Phishing scams are one of the most common tricks that criminals use online. Most of us know about them and know to avoid them. But it turns out that people are still pretty bad at actually identifying phishing attempts.
A study by researchers at Carnegie Mellon University’s College of Engineering found that the average person can only correctly identify phishing attempts about half the time.
“Despite the fact that people were generally cautious, their ability to detect phishing emails was poor enough to jeopardize computer systems,” says study co-author Casey Canfield, a researcher in the university’s Department of Engineering and Public Policy.
Even though the subjects guessed incorrectly half the time, about three-quarters of the phishing emails weren’t opened. Many people have been conditioned to not trust unsolicited emails.
Some overcautious users incorrectly identified innocent emails as phishing scams, too.
“Some users were able to identify a vast majority of the phishing emails, but only because they were biased to think everything was a phishing attack,” Canfield says. “So they didn’t necessarily have a high ability to tell the difference between phishing and legitimate emails.”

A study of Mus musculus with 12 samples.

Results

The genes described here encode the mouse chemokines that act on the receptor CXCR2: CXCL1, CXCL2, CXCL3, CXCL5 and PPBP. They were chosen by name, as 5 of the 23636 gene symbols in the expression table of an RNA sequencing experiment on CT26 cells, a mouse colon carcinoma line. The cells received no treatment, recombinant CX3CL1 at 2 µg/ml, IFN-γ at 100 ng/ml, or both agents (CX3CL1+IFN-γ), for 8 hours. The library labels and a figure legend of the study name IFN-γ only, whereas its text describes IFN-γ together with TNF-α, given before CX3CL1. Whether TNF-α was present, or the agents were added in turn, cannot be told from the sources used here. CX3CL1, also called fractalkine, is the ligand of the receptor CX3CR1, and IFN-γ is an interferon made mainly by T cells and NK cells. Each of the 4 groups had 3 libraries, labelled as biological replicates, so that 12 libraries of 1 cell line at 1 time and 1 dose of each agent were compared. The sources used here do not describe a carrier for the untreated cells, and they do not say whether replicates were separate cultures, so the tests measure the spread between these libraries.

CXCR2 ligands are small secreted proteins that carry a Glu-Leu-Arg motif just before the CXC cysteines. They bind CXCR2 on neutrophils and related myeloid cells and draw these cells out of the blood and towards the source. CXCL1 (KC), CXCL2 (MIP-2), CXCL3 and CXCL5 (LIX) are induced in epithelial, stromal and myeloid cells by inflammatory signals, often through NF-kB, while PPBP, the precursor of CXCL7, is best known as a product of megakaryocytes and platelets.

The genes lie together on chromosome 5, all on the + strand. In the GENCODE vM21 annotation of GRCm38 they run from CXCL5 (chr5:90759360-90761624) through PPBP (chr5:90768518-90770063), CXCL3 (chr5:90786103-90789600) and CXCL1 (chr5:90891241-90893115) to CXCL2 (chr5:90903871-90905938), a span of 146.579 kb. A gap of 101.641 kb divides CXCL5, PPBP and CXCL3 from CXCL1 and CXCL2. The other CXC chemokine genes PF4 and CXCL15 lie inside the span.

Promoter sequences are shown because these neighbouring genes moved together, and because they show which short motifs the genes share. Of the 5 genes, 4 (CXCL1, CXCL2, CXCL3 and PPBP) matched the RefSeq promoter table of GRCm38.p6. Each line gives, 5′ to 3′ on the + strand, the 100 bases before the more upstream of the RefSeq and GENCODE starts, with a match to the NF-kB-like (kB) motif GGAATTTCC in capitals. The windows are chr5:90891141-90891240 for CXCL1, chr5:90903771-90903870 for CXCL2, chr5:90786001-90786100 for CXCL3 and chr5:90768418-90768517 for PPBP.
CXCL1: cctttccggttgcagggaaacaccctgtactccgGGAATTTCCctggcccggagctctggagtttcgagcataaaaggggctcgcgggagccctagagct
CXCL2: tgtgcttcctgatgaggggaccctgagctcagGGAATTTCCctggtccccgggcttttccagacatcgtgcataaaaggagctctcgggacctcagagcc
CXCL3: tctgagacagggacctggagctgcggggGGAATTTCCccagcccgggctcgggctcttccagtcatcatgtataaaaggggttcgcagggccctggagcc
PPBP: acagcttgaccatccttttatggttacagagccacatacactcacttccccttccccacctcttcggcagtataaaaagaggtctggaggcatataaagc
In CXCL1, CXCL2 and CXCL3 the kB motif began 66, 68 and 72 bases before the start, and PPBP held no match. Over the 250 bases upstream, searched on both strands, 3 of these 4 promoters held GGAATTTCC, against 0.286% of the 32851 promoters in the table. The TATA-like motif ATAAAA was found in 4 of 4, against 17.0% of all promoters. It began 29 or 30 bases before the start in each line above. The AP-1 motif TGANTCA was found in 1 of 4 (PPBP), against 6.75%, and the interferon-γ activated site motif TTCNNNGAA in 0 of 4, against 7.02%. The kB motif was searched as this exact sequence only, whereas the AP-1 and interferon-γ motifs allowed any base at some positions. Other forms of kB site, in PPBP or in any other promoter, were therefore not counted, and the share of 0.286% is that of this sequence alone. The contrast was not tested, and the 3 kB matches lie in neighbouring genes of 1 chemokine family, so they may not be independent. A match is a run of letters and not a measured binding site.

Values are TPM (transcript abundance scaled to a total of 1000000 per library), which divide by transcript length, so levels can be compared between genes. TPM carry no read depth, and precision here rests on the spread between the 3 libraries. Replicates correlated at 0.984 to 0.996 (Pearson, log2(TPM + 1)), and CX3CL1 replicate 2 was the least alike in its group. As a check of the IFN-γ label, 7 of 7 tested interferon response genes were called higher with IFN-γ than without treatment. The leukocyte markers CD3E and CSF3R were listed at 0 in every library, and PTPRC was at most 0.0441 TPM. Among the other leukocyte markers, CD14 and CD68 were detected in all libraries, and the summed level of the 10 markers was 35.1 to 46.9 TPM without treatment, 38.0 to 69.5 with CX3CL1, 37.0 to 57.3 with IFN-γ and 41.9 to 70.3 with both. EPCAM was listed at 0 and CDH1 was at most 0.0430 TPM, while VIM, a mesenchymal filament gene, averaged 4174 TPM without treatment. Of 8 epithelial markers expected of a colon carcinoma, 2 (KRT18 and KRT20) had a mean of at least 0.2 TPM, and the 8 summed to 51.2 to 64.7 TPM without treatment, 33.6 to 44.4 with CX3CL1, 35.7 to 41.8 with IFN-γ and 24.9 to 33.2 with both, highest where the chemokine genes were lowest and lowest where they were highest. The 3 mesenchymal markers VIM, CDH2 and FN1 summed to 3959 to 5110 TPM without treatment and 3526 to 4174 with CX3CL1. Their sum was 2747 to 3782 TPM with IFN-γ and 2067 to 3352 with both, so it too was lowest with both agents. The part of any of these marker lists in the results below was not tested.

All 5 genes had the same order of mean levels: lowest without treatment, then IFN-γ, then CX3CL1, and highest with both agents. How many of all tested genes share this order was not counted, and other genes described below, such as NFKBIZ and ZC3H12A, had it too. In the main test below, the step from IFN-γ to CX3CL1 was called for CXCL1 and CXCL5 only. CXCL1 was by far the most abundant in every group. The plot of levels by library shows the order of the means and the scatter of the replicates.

What does this have to do with business? Well-meaning people at your workplace may open phishing emails and send sensitive information to the fake site. These emails can also take people to a site with malware that can infect your business’s entire computer network.
The study’s authors suggest that helping users to identify phishing emails could be as effective as improving spam filters’ ability to catch phishing attempts.
One method companies use a lot is sending out fake phishing emails and teaching a user about phishing if they actually open the email.
“Those trainings may not always be making people better at telling the difference, but it’s probably making them more cautious,” Canfield says.
What methods do you use to help your employees identify phishing emails? Please share your tips and questions in the comments.